Berthoud Weekly Surveyor | Covering all the angles in the Garden Spot

Veteran’s Corner

By: Ryan Armagost | The Surveyor | September 09, 2021 | Local News

This weekend brings the twentieth anniversary of the terrorist attack on the United States that occurred on September 11, 2001.  The events that occurred on the morning of 9/11/2001 will never be forgotten for those that recall that morning.  With the events that have taken place this year, it brings a somber reminder of the sacrifices made for many of us.  That day was a day that brought our country together more than it has been during my lifetime and beyond.  It brings me to talk about two things that arise when we encounter national tragedies of that magnitude.  Those two things are Americanism and Patriotism, which we should all hold near and dear.

Many days, I can’t remember what day of the week it is.  However, I vividly remember the events of Tuesday, September 11, 2001, like it was yesterday.  I woke up to my alarm at 6:30 a.m. and began getting ready for work.  While I was taking a shower, I was listening to the radio.  They mentioned that a plane had crashed into the World Trade Center in New York.  I was shocked by the oddity of a plane hitting a tower in New York, so I turned on the television after getting out of the shower to see what was going on.  After doing so, I witnessed the burning building as another plane struck the other tower.  I knew at that moment that we were under attack.  While I was shocked at these attacks, I reluctantly continued to get ready for work.  The radio station was interviewing someone from the Pentagon about the attacks, when a third jet hit the conversation quickly went to what happened there.  After that, there was mention of another jet that crashed in Pennsylvania.  At that point, I had assumed that the attacks were far from over.  I went to work as a field supervisor for a security firm.  I was told not to report to my normal place of work, but instead to help manage the security of the World Trade Center in downtown Denver.  I found myself watching the skies for the remainder of the day, with a sick feeling of shock and uncertainty that loomed until later that night.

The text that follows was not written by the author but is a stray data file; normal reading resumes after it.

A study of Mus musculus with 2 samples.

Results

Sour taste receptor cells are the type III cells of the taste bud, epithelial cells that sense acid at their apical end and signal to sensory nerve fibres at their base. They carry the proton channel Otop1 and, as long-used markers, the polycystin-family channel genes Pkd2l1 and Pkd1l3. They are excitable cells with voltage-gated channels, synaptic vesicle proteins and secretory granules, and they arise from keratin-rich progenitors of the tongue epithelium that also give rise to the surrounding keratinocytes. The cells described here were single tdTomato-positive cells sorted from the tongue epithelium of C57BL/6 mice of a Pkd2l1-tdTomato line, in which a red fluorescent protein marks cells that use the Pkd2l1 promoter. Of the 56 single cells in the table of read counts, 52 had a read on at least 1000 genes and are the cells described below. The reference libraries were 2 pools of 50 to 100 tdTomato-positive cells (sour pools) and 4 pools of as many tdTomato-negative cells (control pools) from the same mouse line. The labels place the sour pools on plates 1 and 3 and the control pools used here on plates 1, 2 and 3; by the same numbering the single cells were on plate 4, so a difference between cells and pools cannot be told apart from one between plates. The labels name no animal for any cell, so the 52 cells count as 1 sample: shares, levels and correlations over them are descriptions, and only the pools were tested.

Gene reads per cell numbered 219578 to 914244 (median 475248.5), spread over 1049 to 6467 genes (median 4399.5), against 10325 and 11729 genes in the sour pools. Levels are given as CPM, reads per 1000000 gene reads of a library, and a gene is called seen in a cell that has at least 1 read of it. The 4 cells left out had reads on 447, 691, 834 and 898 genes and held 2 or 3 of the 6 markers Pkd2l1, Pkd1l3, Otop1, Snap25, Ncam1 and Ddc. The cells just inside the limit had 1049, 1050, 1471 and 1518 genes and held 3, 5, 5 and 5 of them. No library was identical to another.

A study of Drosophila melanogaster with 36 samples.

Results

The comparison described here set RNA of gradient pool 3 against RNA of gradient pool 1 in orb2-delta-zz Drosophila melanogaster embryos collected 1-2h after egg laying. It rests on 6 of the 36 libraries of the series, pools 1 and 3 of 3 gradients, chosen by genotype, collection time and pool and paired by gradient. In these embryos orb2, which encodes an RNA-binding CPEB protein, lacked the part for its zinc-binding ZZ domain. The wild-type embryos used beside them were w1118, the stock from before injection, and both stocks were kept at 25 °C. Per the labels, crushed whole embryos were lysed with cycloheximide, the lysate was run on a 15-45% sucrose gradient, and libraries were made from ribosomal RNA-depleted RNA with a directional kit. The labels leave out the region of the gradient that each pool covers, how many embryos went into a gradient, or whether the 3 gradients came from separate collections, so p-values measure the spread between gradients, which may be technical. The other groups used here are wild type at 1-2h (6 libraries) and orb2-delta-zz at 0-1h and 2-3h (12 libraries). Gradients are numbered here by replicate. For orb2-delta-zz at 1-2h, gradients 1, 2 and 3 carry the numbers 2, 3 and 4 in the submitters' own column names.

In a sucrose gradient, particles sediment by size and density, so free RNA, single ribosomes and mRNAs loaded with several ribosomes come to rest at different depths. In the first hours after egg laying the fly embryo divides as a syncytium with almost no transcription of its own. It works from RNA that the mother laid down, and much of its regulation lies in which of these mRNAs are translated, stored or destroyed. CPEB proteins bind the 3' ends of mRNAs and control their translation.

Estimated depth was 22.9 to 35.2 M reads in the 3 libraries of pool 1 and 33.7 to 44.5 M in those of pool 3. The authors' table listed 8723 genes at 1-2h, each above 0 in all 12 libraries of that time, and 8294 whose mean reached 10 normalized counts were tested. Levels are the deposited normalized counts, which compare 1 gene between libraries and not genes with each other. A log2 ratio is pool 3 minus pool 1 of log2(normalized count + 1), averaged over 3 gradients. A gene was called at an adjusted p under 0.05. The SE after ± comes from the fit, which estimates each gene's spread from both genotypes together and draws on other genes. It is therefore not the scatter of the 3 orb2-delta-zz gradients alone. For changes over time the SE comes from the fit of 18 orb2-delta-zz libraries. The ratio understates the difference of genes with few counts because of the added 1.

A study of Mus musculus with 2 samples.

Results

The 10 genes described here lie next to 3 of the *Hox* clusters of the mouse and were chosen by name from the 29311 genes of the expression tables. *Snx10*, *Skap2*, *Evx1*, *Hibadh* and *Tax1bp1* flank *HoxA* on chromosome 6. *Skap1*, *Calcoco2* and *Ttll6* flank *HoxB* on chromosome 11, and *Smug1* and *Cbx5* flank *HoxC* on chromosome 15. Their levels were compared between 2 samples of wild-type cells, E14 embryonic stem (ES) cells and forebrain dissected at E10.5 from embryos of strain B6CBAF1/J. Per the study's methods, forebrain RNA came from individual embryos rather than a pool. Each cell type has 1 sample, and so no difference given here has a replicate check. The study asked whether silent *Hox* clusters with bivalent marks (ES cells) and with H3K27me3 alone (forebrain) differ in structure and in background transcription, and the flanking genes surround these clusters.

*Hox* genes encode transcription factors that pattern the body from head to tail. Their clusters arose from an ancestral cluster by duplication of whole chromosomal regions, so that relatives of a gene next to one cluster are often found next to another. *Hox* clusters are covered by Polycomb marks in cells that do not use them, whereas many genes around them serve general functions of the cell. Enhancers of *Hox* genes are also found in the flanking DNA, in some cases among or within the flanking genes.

Despite what anyone thinks of President George W. Bush, I want people to recall the address to the nation that he gave after the attacks.  His words summoned the fundamental ideology of America that was attacked by Al-Qaeda that day.  What happened on 9/11 was tragic and completely demoralizing.  What happened on 9/12 was nothing short of amazing and inspiring.  The citizens of our country came together in a mutual feeling of sorrow and resolve.  The members of our Congress gathered on the steps of the Capitol to sing “God Bless America.” That moment was one of pure Americanism and Patriotism.  People gathered across otherwise divisive political lines and shared a moment of true comradery.  Those lines and all other lines that divided our country at that time were dissolved by a tragic attack by a group that hates us for our way of life.  We were Americans and we stood together as such, to console those that lost loved ones and comfort each other that we would not let terrorists get away with what they did.  Many people chose this event as a reason to serve a cause greater than themselves.  Some joined the military and others became first responders after being inspired by the heroes that sacrificed themselves that dreadful day.

Americanism is a term that was coined in 1781 by a gentleman named John Witherspoon.  This term is loosely defined as loyal patriotism, religious tolerance, righteous freedom, fearless courage, honest integrity, and abiding faith in the commanding destiny of the United States.  “Americanism”, while an ideology, was also defined in traits of American tradition such as barbecues, holidays, diversity, and tradition.  Patriotism is a universal term that is defined as a devoted loyalty of support and love for your nation and fellow citizens.  These two terms are simple and objective for anyone that resides in our great nation.  They are what binds us together when we are at odds with each other.

While our country and its citizens are seemingly focused on finding more reasons to be different from one another and better than each other, we need to remember what it took for us to see beyond that nonsense and be American again.  We don’t need another 9/11 to realize that we are all still American.  We need to be good to one another and find those reasons to relate to one another.  Say hello to your neighbor, open a door for a complete stranger, use your turn signal when changing lanes, pay it forward at the drive-through, and just be a decent human being to others.  This is the American way and what we are founded upon.  Live a life worthy of the sacrifice of so many that fought for our way of life, our freedom, and our liberty.  God bless America.